Review: The Nice Guys – I can dig’

The Nice Guys is the latest film directed by Shane Black it’s also written by Black and Anthony Bagarozzi. It’s a neo-noir mystery, but also a buddy cop comedy film, leave it to Shane Black to meld these genres together. It stars Russell Crowe, Ryan Gosling, Angourie Rice, matt Bomer, Margaret Qualley, Keith David, and Kim Basinger. It’s about missing girl case that turns into something bigger, it just so happens that a private detective (Gosling) and a muscle for hire (Crowe) stumble upon these nefarious doings.

The good; the writing is amazing. Black and Bagarozzi inject humor into a seemingly by the numbers noir mystery. It’s a story that we all know set in the 1970s and yet it’s new and refreshing all at the same time. The performances by Crowe and Gosling only intensify this.

Speaking of performances, Holly March is the daughter of private eye Holland March, much like other Shane Black movies there’s a little girl involved, but this time Holly is just as essential to furthering the plot as the two leads. Job well done.

Everything in this film gels, from the opening titles, to the aforementioned writing and acting, the look of 70s Los Angeles, and all the way to the soundtrack. Without giving too much away about the plot, if you enjoyed Kiss Kiss Bang Bang you’ll love this one (that actually has nothing to do with the plot).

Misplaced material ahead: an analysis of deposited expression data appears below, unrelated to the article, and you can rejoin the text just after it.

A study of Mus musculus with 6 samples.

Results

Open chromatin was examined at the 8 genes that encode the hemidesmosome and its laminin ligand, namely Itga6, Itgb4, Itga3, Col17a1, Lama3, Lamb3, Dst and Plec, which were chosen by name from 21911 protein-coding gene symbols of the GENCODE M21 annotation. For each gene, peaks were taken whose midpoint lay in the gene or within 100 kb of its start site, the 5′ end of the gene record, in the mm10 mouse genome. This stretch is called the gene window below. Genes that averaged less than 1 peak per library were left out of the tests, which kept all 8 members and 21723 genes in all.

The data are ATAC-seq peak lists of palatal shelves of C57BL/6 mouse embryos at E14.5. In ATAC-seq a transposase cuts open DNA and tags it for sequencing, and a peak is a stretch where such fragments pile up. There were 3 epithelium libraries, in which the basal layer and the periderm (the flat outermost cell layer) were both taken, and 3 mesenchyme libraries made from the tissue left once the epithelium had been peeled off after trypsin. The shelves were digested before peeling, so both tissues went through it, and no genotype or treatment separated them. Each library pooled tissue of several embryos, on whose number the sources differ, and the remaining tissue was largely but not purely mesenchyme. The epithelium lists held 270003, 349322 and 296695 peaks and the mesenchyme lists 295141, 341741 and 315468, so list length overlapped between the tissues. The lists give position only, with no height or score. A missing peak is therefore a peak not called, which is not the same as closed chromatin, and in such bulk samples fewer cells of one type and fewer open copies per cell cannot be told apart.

And we get the Shane Black trademark opening, a naked girl and a wrecked car (Lethal Weapon).

The bad; the audience, it’s a mystery that our main characters are trying to solve, don’t think you’re smart by saying things out loud when they were clearly set up in the movie. No talking in the theatre!

Overall, treat yourself and go see this film in the theatres. The Nice Guys is a nod to the bye-gone the buddy cop film, but with the infusion of a solid script and marvelous performances we’re given something extra special here. There are also numerous references to The Rockford Files (which I love), see how many you can pick up (gun in cookie jar, yellow pages ad…). The 70s police drama never looked so good. If you like Shane Black you’ll love The Nice Guys with every bumbling mis-step.